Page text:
Pencil grasp and grips

 In Writing

Pencil skills are a significant way in which we communicate. Of course, there are many ways children hold their pencils, and this can be a result of poor finger and hand strength.

The best way to ensure your child is off to a good start is to build the strength of the fingers. Then they will be more ready to sustain an appropriate pencil grasp and persist with pencil tasks for an age appropriate duration. In some cases, a pencil grip is a good way to reinforce this ideal grasp, so that bad habits don’t form or can be broken.
Holding the pencil inappropriately can have an impact on a child’s ability to demonstrate age appropriate neatness of pencil tasks, to sustain age appropriate speed of pencil skills, avoid rapid fatigue due to excessive pencil pressure, to engage in pencil tasks as long as their peers and avoid unnecessary pain or fatigue due to poor pencil skill mechanics.
An ideal pencil grasp is dependent upon the child’s development.

By 3½ – 4 years (static tripod grasp), the pencil is ideally held with four fingers with a slightly elongated (flattened) web-space. The wrist is held still while the hand moves as a unit, and the wrist straight not extended.


By 4½ – 5 years (dynamic tripod grasp), the pencil is ideally held with three finger with a rounded web-space that allows ideal isolated finger control for precise and refined pencil control, with the pencil movement generated in the fingers only. The wrist is held slightly extended to allow more isolated finger movement, and the forearm is slightly turned over towards the table.

By school entry (reception, 5 years+), ideal pencil skills involve a three fingered pencil grip with no overlapping of the fingers or thumb over the pencil or fingers, and no hyper-extension (bending backwards) of finger joints. All movement for writing is ideally generated in the isolated fingers (rather than the shoulder, elbow or wrist) which then allows good fluency of pencil movement for refined control and size. An upright posture at the desk with shoulders relaxed is also important in supporting appropriate pencil skills.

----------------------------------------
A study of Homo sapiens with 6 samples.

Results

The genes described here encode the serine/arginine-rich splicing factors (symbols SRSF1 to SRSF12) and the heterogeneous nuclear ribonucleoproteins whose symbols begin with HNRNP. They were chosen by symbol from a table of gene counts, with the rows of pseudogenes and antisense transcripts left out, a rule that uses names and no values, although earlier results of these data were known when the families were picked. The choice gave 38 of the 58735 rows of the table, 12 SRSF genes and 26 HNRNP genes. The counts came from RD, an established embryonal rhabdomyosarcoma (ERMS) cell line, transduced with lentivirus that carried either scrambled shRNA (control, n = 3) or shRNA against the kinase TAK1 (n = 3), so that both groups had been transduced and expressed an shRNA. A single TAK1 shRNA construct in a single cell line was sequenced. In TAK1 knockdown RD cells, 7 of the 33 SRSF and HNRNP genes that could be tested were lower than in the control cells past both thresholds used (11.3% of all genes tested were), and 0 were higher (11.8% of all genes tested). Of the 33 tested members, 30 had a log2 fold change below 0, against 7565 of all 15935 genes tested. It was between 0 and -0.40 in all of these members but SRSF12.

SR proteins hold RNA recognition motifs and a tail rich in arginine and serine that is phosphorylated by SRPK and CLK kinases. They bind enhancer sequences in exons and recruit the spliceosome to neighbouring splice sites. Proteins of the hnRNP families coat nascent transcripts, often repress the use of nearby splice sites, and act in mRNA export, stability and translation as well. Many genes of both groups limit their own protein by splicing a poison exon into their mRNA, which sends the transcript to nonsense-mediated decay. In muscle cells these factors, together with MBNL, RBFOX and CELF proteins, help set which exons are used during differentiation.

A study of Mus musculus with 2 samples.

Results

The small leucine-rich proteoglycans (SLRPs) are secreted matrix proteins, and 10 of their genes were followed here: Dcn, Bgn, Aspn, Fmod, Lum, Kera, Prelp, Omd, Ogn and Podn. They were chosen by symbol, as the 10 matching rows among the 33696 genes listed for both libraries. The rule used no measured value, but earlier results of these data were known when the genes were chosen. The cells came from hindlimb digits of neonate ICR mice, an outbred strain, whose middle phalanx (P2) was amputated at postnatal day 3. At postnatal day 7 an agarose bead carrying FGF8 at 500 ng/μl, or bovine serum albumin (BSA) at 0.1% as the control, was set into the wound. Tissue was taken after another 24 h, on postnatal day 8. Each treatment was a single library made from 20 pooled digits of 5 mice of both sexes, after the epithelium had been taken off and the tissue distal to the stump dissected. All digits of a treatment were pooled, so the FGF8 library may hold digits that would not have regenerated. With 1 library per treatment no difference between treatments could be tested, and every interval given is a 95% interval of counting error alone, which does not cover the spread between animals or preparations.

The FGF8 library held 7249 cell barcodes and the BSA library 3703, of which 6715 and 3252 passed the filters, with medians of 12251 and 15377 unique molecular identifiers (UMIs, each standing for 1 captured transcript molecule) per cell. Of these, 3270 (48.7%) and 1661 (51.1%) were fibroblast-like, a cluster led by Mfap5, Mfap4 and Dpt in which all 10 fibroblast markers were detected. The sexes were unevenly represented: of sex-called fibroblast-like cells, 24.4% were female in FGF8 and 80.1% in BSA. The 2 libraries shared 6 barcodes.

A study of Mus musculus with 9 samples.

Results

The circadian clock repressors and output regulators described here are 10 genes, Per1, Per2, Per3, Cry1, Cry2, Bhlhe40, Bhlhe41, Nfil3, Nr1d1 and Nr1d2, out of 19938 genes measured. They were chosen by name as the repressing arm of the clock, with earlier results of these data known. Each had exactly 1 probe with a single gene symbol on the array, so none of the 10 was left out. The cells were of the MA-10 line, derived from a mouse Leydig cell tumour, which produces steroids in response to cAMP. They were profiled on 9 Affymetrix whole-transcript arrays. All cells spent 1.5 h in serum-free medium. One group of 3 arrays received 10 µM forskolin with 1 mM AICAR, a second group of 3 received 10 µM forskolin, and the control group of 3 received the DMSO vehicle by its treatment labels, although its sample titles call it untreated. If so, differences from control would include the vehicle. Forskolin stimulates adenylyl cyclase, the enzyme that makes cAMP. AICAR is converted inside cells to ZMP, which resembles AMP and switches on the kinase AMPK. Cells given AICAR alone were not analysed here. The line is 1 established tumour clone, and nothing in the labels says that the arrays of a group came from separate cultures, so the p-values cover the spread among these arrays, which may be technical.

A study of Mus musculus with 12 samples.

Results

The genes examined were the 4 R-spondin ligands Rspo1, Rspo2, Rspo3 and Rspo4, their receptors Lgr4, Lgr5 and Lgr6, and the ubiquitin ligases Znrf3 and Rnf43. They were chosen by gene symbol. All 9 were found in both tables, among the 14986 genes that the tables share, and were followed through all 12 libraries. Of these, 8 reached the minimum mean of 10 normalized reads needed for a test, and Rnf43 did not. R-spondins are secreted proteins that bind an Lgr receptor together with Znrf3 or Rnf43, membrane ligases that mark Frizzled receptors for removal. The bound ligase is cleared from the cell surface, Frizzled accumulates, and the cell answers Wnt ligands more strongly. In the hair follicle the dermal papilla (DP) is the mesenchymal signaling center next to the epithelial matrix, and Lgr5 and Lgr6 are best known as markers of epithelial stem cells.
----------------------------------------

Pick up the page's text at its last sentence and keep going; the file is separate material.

Pencil Grips

Pencil grips are often used as a temporary measure to promote an appropriate grasp on the pencil when the child does not have sufficient strength in the fingers and thumbs. They also provide additional sensory feedback to the fingers to aid with muscle memory which in turn promotes better long term success with pencil grasp once the grip is removed.


Grotto Grip


The Grotto grip is designed to help get fingers in the correct position. This grip is helpful in stopping the thumb from overlapping. The index and the thumb go ‘under the wings’ and the third finger sits right underneath as the ‘pilot of the spaceship’.  It can be used for both right and left handers.


THE Grip


“THE” Pencil grip has a small bulbous end that helps fill in the web space to develop ‘c’ shaped web. It provides moulded surfaces to help position the   fingers. It can be used for both right and left handers. It is useful where heavy pressure is applied through the fingers to the pencil as the wide surface area diffuses the pressure.

Finger Strength

Fine motor skills involve the use of the smaller muscle of the hands, in tasks such as doing up buttons, opening lunch boxes, or using pencils or scissors (common table top tasks). This is why it is important to have sufficient strength in the hand and fingers. It also aids in appropriate pencil grasp and movement, which aids endurance for pencil tasks.

Activities that will assist with finger strength include:

  • PEGGING encourages the use of isolated finger movement when the child uses only the 3 fingers used for pencil skills. Children can peg around a paper plate of which has a clown face on it. The pegs then became the clowns spikey hair.
  • CUT AND PASTE activities will enable the child to develop finger strength from cutting, particularly if cutting cardboard. Have the child cut out geometric shapes and draw a picture using the shapes that they cut out and have them make the picture. This is a great project that you and your child can build over time.
  • PLAY DOH offers the versatility to squish and roll as well as to build different models, using play doh plungers or to push golf tees into.
  • BLOCK BUILDING where the child copies a model will assist with the development of finger strength and manipulation. There are a range of blocks and construction sets available. These sets may include Lego, Kid Knex, Little Architect, Cube a link or even Duplo.